Thomas Jefferson Papers

To Thomas Jefferson from Edward Stevens, 30 October 1780

From Edward Stevens

Hillsborough October 30th. 1780


Since your last giving an Account of a British Fleet in the Cheasepeak Bay, reports here has been Various with respect to them. Genl. Gates and the Troops here are waiting with the greatest impatience to hear something certain about them, and expect hourly to receive information from you. Till then, he desires my stay at this Place, tho’ this I informed you of a day or two agoe. The General seems to be embarrassed with respect to his movements, till he can receive certain Accounts of the Intention of that Fleet, and for that purpose he has sent Capt. Singleton to Virginia but at the same time is Confident he will hear from you before Captain Singleton can get to Richmond. Had the General received no information of the Fleet, I believe he would have marched from here before now.

Inclosed you have a return of the number of Militia that is at this place. From what I can already discover without some other steps are taken I fancey but very few of the 8 Months men will ever be Collected. Some of them who have had their Trials in their Counties are sent here and are only Condemned to serve out the Term of Three Months. Where the Court Martial found Law to Govern them in this I am at a loss to know. Others are allowed to Inlist in the Volunteer Service. Certainly the whole of these fellows ought to be on the same footing. Many of them alledge that their Officers countenanced their deserting and gave them leave, but this ought to be no plea for them for they well know they were doing wrong, and that their Officers had no right to give them leave to return Home, As I had expressly forbid any furloughs or Discharges being given without Countersigned by me and this they all knew. Any of the Officers who have been guilty of the accusation and I am pretty well Satisfied there are many of them that are, ought to be broke and turned into the Ranks to serve 8 Months. I never shall be reconciled with these fellows till I can get them altogether again, and put them into a situation where they may wipe off the stain they have brought on themselves, and their Country, and make some atonement for the Distresses that their Rascally Behaviour has occasioned, and at a time when if they had behaved like Men they might have releaved Thousands and immortalised their own Names.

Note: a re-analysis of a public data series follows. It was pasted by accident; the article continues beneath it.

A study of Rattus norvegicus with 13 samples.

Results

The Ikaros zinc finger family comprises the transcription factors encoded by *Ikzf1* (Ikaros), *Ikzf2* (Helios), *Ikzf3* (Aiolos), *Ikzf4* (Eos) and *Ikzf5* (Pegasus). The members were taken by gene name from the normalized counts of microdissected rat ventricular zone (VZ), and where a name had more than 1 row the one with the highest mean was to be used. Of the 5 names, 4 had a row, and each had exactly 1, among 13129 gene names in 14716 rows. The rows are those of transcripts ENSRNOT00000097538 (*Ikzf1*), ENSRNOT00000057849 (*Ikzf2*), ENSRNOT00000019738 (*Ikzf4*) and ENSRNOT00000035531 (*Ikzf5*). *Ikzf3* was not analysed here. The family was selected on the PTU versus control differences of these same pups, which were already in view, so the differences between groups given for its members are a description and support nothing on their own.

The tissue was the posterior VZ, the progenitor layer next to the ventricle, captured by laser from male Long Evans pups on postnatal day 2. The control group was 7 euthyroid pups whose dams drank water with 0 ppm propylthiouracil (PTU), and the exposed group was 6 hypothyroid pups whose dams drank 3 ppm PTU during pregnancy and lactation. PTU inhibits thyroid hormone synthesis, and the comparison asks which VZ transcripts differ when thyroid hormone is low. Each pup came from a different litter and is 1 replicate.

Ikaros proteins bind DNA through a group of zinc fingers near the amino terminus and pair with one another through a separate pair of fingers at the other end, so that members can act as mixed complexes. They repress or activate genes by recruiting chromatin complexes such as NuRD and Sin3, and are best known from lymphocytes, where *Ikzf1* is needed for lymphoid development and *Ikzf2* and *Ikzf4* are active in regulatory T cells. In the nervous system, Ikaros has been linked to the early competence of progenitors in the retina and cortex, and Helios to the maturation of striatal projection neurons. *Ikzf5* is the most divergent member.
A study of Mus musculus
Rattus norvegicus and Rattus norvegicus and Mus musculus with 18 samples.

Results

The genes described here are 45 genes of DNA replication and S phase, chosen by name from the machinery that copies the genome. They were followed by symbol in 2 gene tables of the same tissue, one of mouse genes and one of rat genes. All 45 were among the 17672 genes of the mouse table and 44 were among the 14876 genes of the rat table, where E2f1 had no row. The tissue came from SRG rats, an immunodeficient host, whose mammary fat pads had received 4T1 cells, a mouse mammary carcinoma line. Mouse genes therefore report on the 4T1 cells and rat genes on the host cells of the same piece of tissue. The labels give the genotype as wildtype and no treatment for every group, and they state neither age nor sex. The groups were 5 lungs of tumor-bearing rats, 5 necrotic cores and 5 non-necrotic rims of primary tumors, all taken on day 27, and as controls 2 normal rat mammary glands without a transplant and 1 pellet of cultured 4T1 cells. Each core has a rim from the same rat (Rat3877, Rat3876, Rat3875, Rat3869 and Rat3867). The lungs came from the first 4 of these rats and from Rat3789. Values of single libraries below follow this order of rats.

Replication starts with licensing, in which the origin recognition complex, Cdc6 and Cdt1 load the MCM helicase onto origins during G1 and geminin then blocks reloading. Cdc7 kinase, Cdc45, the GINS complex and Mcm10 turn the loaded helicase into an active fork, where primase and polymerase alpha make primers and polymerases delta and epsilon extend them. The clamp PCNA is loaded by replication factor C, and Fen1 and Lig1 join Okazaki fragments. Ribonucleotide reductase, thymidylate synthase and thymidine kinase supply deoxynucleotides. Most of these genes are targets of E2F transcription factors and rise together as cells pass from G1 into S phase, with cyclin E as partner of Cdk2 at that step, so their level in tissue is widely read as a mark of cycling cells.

I find there is about a 1000 Stand of Arms at this place tho they have been picked and Culled in such a manner that there is not one of them fit for Service till they are repaired, and they have no conveniences here for doing it. I believe will be sent back to Virginia; there is not a single Cartouch Box or Bayonett Belt here. How or where the Militia that is now without is to be equiped, I am at a loss to know.

There has been nothing from the Southward since Genl. Gates wrote you last. The Enemy are Retreating towards Camden where they are throwing up redoubts. I am &c.

Tr (DLC); endorsed (in part): “Copy.” Enclosure not found.

On the 8 months men, i.e., deserters from the militia after the battle of Camden who were condemned by courts-martial in their own counties to serve under the Continental articles of war for eight months longer than their normal militia service, see Petition of Certain Deserters, printed above under date of 7 Oct. 1780.